Charles Krebs gets up close and personal with the small things in life.
What the heck is that?
This is a common reaction when nature photographer Charles Krebs shows off one of his recent macro-lens creations. "I like to spark amazement in people," he says. "There are all these common things in front of you every day that have such great detail, and most people never see them."
In some cases, he captures these tiny dramas in the field. For instance, the iridescent beetle, at lower left, was taken in Olympic National Park, Wash., as the bug crawled along a log. Others, such as the butterfly wing, at right, are collected specimens, photographed in Krebs’ Issaquah, Wash., studio. The pseudo-psychedelic shot of a common Gerbera daisy at lower right was shot through a piece of glass that had been misted with fine water droplets, providing thousands of tiny lenses that refracted the image.
The Polymephus moth caterpillar, at top, tends to elicit much head-scratching from Krebs’ first-time viewers. "It’s great to see the reactions on some people’s faces when they see some of these photos," he says. "They say ‘What in the world?…’ The last thing they would normally do is pick up a caterpillar and look at its legs up close."
For such close-ups, Krebs likes to use a 105mm or 70-180mm Nikon macro lens, or a specially designed 35mm Canon photomicrographic lens with a bellows.
While the macro images are an absorbing aspect of Krebs’ work, he’s not always crawling around the forest on his hands and knees. Most of his photography is from a much wider perspective, encompassing landscapes and animals in their natural environment. "I generalize in everything, but it’s mostly outdoors," he says.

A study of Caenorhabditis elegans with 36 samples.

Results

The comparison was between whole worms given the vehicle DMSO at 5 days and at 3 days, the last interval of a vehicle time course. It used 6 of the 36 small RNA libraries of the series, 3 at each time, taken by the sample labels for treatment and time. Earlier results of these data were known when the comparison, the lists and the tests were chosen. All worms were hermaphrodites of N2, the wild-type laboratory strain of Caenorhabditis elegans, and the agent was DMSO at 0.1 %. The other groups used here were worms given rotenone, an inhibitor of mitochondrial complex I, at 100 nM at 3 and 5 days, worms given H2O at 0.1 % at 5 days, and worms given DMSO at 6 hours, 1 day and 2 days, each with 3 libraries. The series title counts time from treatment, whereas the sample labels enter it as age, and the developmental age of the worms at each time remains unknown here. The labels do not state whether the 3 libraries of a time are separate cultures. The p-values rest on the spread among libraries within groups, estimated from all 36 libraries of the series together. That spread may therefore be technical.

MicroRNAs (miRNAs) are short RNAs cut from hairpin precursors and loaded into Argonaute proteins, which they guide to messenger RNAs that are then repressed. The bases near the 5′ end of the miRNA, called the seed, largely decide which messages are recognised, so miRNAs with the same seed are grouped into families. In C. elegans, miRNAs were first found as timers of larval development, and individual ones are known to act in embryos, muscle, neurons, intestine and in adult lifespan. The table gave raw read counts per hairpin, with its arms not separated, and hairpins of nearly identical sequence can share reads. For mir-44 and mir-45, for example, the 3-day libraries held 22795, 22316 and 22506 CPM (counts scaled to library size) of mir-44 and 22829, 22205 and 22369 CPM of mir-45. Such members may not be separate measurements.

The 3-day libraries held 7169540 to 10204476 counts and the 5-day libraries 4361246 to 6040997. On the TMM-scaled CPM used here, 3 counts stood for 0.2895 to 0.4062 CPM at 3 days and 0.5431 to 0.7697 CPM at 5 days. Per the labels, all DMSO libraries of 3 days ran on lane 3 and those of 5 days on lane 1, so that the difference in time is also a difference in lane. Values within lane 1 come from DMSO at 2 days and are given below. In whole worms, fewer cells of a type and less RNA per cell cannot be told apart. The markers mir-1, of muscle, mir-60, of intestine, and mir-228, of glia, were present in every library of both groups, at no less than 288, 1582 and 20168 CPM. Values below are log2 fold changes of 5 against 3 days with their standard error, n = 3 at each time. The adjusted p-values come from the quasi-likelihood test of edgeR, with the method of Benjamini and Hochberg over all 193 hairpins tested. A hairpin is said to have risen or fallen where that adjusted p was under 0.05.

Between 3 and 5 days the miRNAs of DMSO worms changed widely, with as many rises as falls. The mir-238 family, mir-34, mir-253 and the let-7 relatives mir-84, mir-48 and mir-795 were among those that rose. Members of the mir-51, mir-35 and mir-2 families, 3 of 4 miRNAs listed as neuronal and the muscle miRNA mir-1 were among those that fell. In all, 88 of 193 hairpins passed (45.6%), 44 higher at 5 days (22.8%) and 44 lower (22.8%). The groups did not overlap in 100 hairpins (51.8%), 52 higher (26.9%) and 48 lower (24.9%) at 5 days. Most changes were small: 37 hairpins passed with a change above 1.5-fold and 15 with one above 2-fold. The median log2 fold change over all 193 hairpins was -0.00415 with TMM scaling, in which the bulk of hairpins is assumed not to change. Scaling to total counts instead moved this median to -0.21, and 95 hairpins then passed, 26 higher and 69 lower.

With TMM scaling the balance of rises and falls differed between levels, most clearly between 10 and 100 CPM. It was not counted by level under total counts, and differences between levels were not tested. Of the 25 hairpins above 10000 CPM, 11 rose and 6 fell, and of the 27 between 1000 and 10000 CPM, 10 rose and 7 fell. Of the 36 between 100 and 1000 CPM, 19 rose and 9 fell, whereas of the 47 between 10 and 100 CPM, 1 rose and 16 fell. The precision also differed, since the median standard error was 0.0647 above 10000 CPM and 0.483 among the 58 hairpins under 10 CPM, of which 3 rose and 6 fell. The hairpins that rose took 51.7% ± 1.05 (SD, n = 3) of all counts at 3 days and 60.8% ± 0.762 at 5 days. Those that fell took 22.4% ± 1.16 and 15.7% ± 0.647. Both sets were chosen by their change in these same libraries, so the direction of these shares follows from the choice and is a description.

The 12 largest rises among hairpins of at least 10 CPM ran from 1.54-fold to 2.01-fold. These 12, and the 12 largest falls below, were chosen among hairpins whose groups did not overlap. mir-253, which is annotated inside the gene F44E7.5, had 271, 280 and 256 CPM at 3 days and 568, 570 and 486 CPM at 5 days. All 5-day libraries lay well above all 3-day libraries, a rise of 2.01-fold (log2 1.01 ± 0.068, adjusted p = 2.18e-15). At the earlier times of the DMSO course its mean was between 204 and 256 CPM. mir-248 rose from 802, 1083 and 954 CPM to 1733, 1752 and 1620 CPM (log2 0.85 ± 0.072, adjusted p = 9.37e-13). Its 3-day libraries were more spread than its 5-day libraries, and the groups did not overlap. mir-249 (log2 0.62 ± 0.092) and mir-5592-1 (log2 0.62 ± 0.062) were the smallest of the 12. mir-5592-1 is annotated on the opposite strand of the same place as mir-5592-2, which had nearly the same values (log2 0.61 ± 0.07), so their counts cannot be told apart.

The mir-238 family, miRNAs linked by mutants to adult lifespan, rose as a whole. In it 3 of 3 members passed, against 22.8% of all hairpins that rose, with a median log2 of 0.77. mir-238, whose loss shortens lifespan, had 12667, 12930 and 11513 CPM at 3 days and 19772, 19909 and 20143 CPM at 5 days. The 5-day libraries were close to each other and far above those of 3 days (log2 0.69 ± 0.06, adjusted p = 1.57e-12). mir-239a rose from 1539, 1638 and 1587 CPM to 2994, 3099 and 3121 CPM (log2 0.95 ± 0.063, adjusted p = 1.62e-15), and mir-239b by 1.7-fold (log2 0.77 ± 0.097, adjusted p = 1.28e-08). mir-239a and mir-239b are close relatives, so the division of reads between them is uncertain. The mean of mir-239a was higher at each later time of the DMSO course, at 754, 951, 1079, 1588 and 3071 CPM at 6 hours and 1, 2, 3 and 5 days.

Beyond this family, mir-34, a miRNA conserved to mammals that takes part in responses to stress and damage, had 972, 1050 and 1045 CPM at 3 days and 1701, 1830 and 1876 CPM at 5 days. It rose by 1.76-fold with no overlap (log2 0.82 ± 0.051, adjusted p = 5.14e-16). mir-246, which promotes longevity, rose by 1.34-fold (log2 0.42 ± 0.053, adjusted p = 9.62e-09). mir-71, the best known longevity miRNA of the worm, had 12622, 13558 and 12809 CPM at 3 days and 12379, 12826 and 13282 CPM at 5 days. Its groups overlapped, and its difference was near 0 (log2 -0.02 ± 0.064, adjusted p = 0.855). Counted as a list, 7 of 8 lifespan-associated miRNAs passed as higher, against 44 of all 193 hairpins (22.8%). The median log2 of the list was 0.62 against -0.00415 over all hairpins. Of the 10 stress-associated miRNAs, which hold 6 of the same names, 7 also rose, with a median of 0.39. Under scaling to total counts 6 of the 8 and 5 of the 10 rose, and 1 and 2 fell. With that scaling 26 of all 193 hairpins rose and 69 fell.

Krebs, born and raised in Long Island, N.Y., moved to the Seattle area in 1979 to begin a professional nature photography career. His highly sought after photos have been published in such magazines as Outdoor, Smithsonian, Audubon and the now-defunct Washington magazine./p>
Though he liked experimenting with photography while attending Notre Dame in the late 1960s, his college studies took him in other directions: aerospace engineering and business administration. It wasn’t until much later—after he had met his Seattle-born wife Barbara and had four kids—that he decided to go into nature photography full-time.
"A lot of people thought it was a stupid thing to do," Krebs says. "But I always had a childhood interest in biology and nature. I just found myself drawn to it again years later."
For the last decade or so, the Issaquah, Wash., resident has spent most of his time making a quiet living on stock nature photography. Though he often makes trips up and down the West Coast, from Alaska to Arizona, he likes to stay closer to home these days, shooting the landscape around the Puget Sound area.
"I’ve become a little bit of a hermit, I guess," he admits. "Maybe that’s why I like doing those extreme close-ups."